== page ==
As I complete the first couple weeks here with Veritas in Sevilla, Spain, I experience a combination of feeling like I’ve been here for so long, yet still feeling so new to the country and this way of life. It has been great to settle into classes and realize how thankful I am that every class I am taking here is just that much better because I’m actually living in Sevilla, Spain!
One day each week, our photography class takes a tour of different parts of the city, and the other day, we learn about how to best capture aspects of it. It’s been really neat to document my time here in Spain through pictures—it’s helping me see the city in a deeper way than I have even looked at Berkeley before. In my Spanish History of Art class we learn about a period of Spanish art, then go to a museum or building right down the street and see it in person.
Apparently, Sevilla has been a capital for the arts in Spain as well as a vacation site for the Roman Empire—there is a whole city of Roman ruins right down the road that we are going to visit this weekend! It is amazing to be toured around the city by my professors who absolutely love Spain and know so much about its history.
Triana, the district where I live, is a known birthplace of flamenco dancers, fútbol players, and tile factories. One of my favorite things so far has been to run along the river and through the winding cobblestone streets of Triana at sunset. I have to stop every 10 minutes to take pictures because each turn brings a new, unique, beautiful aspect of this charming city.
One of the most rewarding things has been establishing routines such as running—something that is really making it feel like I’m here to say. Through our meals together, my roommate and I have had so much fun getting to know our host mom Isabel. (Simply reviewing the verb tenses in my Spanish class has expanded my capacity to form sentences more than I would have thought.)
We’ve started watching a hilarious Jimmy Fallon-like talk show called el Hormiguero. It has the most random things, and we end up laughing so much every night. (My roommate and I even saw the talk show host on a billboard and felt proud that we recognized the face on it!)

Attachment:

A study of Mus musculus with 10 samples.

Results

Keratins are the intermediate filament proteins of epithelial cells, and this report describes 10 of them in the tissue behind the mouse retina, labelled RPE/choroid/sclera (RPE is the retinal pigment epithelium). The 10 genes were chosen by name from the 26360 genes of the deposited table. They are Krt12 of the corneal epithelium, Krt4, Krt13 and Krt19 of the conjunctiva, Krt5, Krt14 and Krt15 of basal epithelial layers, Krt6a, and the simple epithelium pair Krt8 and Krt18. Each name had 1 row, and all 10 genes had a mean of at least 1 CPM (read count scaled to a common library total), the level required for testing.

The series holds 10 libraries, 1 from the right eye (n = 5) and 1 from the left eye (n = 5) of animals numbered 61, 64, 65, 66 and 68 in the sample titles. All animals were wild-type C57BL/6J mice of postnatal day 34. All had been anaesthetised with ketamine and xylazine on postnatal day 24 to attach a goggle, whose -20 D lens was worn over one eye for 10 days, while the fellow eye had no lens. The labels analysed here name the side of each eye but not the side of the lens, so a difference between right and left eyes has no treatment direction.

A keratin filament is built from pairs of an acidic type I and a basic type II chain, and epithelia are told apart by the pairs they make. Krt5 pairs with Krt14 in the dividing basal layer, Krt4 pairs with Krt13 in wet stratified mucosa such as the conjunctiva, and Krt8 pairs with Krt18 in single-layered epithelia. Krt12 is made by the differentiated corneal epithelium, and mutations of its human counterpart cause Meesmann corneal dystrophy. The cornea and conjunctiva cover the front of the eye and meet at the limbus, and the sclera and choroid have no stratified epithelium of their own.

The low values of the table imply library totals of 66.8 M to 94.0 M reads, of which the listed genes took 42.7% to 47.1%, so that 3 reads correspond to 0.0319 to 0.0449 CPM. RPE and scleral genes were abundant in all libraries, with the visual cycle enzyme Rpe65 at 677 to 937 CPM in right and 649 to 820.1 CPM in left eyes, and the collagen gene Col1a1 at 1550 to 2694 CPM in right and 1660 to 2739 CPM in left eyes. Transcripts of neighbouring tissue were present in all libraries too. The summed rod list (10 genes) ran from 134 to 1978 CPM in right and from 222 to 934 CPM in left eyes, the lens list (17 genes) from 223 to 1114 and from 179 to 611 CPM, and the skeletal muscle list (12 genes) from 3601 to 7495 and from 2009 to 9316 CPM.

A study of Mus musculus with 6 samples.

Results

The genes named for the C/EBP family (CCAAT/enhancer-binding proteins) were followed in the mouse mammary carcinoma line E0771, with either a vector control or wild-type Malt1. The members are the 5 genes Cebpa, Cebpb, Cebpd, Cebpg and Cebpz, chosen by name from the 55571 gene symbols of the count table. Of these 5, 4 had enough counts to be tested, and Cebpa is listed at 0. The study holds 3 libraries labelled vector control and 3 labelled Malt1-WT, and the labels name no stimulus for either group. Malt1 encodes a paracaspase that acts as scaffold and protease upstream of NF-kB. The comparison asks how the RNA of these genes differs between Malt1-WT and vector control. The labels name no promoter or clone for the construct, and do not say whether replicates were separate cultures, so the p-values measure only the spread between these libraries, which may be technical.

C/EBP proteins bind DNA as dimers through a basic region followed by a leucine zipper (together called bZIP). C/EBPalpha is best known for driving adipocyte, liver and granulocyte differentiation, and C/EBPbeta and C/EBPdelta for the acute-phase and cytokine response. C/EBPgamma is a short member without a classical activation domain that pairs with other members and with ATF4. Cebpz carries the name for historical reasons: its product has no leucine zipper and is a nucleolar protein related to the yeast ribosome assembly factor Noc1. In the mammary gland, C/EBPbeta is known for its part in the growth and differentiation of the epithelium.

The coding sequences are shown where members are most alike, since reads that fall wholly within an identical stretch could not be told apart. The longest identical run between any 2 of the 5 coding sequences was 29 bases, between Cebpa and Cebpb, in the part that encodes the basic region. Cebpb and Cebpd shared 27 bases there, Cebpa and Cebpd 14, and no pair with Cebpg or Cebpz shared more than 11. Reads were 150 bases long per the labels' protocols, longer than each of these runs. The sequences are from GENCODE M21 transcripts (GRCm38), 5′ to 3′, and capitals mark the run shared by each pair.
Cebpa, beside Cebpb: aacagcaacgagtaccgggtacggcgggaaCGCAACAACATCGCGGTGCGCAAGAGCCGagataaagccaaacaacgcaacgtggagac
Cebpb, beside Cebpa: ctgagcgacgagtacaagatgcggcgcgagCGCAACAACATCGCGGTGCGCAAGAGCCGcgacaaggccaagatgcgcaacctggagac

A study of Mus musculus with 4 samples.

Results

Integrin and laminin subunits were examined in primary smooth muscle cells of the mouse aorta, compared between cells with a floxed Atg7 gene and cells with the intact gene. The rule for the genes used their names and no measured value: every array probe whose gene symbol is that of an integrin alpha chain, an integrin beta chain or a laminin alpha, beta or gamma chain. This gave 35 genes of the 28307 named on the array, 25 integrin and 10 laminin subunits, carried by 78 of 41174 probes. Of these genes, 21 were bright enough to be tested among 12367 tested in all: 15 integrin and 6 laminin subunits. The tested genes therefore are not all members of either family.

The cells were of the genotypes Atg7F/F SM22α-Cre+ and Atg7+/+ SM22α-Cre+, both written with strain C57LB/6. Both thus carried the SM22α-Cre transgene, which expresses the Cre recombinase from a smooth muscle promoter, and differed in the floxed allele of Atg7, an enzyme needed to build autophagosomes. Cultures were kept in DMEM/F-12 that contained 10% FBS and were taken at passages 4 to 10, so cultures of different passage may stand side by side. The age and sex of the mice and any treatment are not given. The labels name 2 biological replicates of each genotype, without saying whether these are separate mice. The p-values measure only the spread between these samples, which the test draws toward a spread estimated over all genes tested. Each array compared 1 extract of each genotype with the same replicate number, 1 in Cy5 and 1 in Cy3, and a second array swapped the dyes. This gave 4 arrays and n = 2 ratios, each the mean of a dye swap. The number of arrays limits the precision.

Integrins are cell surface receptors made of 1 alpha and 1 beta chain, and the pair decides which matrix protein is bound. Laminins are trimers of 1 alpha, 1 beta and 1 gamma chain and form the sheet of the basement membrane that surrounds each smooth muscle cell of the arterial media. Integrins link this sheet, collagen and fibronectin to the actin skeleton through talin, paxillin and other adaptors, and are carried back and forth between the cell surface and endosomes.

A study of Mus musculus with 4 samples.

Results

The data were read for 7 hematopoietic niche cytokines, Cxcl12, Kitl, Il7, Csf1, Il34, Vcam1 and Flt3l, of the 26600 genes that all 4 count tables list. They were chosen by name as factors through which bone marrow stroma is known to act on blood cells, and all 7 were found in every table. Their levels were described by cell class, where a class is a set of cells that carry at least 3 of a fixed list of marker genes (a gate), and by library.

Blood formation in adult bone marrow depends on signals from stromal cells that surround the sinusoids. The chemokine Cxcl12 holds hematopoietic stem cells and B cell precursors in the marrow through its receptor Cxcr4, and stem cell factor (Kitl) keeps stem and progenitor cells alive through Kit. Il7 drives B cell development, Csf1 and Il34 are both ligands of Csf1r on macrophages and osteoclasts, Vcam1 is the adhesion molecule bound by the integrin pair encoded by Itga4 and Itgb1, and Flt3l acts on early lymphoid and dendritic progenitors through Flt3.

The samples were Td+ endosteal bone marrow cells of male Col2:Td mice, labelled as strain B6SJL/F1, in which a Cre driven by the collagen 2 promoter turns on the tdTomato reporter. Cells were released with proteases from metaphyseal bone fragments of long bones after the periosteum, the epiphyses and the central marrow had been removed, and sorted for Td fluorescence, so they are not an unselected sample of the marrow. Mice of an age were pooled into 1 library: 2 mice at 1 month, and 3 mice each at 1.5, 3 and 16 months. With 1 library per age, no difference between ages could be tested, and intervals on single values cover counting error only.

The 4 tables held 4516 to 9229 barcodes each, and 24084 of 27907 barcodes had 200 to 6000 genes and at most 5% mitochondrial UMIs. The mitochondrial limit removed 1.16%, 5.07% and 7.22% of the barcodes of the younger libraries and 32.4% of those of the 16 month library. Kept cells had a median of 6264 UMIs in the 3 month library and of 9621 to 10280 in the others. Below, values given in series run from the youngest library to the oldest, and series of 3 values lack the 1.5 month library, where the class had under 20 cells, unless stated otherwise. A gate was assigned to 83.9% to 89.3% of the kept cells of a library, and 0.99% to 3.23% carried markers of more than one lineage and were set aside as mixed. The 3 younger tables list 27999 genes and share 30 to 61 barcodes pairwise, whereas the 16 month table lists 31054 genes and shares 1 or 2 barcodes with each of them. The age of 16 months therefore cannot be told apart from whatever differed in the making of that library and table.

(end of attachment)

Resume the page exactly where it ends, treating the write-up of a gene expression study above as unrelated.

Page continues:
We are also finding out so much about Isabel as the days go on. Not only did she live in the cathedral tower, but also was an artist for many years and helped paint the beautiful tiles on the Plaza de España. She even made hand-sewn flamenco dresses for her daughter and granddaughter. She walks to local shops every day to buy groceries: a different shop for the butcher, for fish, for produce, and for bread. In the two weeks we have been here she has yet to repeat a dish or make something we don’t like; in fact, her food gets better every day. She has even started referring to our dinners as “Restaurante de Isabel,” and rightly so.
Another routine I’m getting into is to start my days journaling at a local coffee shop. Packed with people enjoying breakfast in the mornings, theses shops switch to ice cream for the afternoon hours. (I can get a latte for about one euro. It’s amazing!)
I think when I got here I wanted to immediately have my “favorites” established, sort of like how when you visit a new city for a couple days, you go only to the best places and every second is new and exciting. But I’ve been learning when living in a city for awhile you’ll have a different kind of discovery process as you mix day-to-day things with the chance to explore and find places you love in the city.
I am so thankful for the Mission Mentors through the Veritas program. They have helped make the transition here so smooth by answering so many questions we have about the Spanish culture. They were even kind enough to have all of us at their house for a retreat this past weekend. I’m realizing how neat it is to learn about the attributes of God in a new language even when most of the service I spent doodling different snippets of phrases I could understand from the sermon in Spanish.
Through the week, we have met so many people in the ISA program (about 20!) who want to come to church with us Veritas students as well. How amazing to find that community even in another country! I am also excited that the Mission Mentors are going to connect us with some of the high schoolers here they know—after working at camp all summer it’s neat to be able to do similar work here in mentoring them (sometimes in Spanish, nonetheless!).
On to the next adventure.
Sarah Singh is a Political Economy Major at UC Berkeley, with a concentration in Natural Resource Markets in Developing Countries. She’s excited to study abroad in Sevilla, Spain with Veritas to become more comfortable using Spanish and to learn about the culture and religions of Sevilla while living in it. Sarah’s lived in the Bay Area her whole life and is excited to live in another part of the world this semester.
Make adventure and discovery part of your daily routine! Apply to study abroad and do mission work with Veritas Christian Study Abroad this summer. Summer deadlines are March 25 and April 25. For more info please visit veritasabroad.com and speak with us on our new online chat feature!